Democracy 101: A Last-Minute Guide To Voting In North Carolina

Democracy 101: A Last-Minute Guide To Voting In North Carolina

8:31pm Nov 02, 2016
Early voting in North Carolina runs through Saturday, Nov. 5th. Election day is Nov. 8th. (Sean Bueter / WFDD News)

Election Day is just days away (Nov. 8th, to be precise), and while plenty of North Carolina voters will head to the polls on the day itself, there’s still time to vote early, as well.

But with multiple court decisions altering the state's electoral landscape this year, there’s been a lot of confusion surrounding exactly what people need in order to vote. That's why WFDD’s Sean Bueter and Paul Garber got together to chat about everything you need to know to make sure your voice is heard.

Interview Highlights

On what it takes to vote early and on election day:

The photo ID law is not going to be in place this election. But if you're a first time voter or you have moved within the county, you may be asked to show some ID. So you may want to have that photo ID or you could use, for example, a utility bill or a bank statement with your address on it to make that same point.

One of the big things that is different about this election is, because of a federal court decision, you will still be able to do same day registration during the early voting period. You won't be able to do it on election day though. 

On what rights poll observers do and don’t have:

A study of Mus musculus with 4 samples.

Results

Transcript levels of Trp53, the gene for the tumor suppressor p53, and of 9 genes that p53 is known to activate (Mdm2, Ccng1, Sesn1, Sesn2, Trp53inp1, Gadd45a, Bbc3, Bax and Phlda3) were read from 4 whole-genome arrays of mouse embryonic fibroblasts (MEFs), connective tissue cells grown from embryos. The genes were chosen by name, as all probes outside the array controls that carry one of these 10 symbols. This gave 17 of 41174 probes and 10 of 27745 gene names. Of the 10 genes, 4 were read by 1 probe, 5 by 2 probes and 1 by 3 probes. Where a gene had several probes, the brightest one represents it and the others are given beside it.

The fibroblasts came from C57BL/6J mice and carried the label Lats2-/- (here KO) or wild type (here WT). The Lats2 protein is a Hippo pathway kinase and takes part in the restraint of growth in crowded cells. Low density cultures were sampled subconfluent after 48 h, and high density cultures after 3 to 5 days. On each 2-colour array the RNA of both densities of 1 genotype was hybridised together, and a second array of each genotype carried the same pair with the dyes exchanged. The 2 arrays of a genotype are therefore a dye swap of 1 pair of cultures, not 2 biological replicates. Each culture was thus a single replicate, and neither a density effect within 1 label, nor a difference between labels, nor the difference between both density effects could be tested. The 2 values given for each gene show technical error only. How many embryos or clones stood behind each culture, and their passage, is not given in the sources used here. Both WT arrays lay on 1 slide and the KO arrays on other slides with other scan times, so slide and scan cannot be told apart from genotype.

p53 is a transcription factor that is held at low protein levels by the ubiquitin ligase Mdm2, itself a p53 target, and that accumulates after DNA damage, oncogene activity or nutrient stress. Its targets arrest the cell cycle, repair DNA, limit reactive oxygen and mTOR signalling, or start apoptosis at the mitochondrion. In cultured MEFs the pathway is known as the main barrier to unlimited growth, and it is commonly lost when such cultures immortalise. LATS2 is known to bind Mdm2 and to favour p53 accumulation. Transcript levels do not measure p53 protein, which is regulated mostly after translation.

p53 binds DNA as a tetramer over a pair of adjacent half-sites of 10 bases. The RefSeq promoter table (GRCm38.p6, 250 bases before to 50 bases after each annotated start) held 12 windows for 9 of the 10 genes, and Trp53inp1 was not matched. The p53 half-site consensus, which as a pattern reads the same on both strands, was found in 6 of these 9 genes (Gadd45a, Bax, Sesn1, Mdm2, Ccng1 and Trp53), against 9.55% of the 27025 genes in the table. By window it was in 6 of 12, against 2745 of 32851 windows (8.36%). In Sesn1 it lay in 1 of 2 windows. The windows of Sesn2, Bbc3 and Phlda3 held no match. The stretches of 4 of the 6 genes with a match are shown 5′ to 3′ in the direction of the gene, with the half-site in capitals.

What can you do and what can you not do when you show up at the polls to be an "observer?" What you need to know is there are two kinds of levels of it. 

To be inside the precinct, you must be vetted and approved by a party. Now, you do have free speech rights to be outside of the 50-foot buffer zone that are established at the precincts. You can electioneer there. You can talk to voters if they agree to talk to you. There are some restrictions, though, that you cannot do. 

You cannot -- under federal and state law -- you cannot coerce or intimidate voters and that I think is where it gets kind of really in a gray area as to what people are doing out there and what is their reason for being there.

On making informed decisions in down-ballot races:

As far as the judicial races go, I like what the State Board of Elections does: they have a kind of nonpartisan rundown of everyone who's running for a statewide judicial seat such as the Court of Appeals.

But I also encourage people to look at their sample ballot before they go in. It gives you a chance to do some of your own research if you haven't seen enough about the candidates where they don't advertise a lot because they're down ballot or because of restrictions.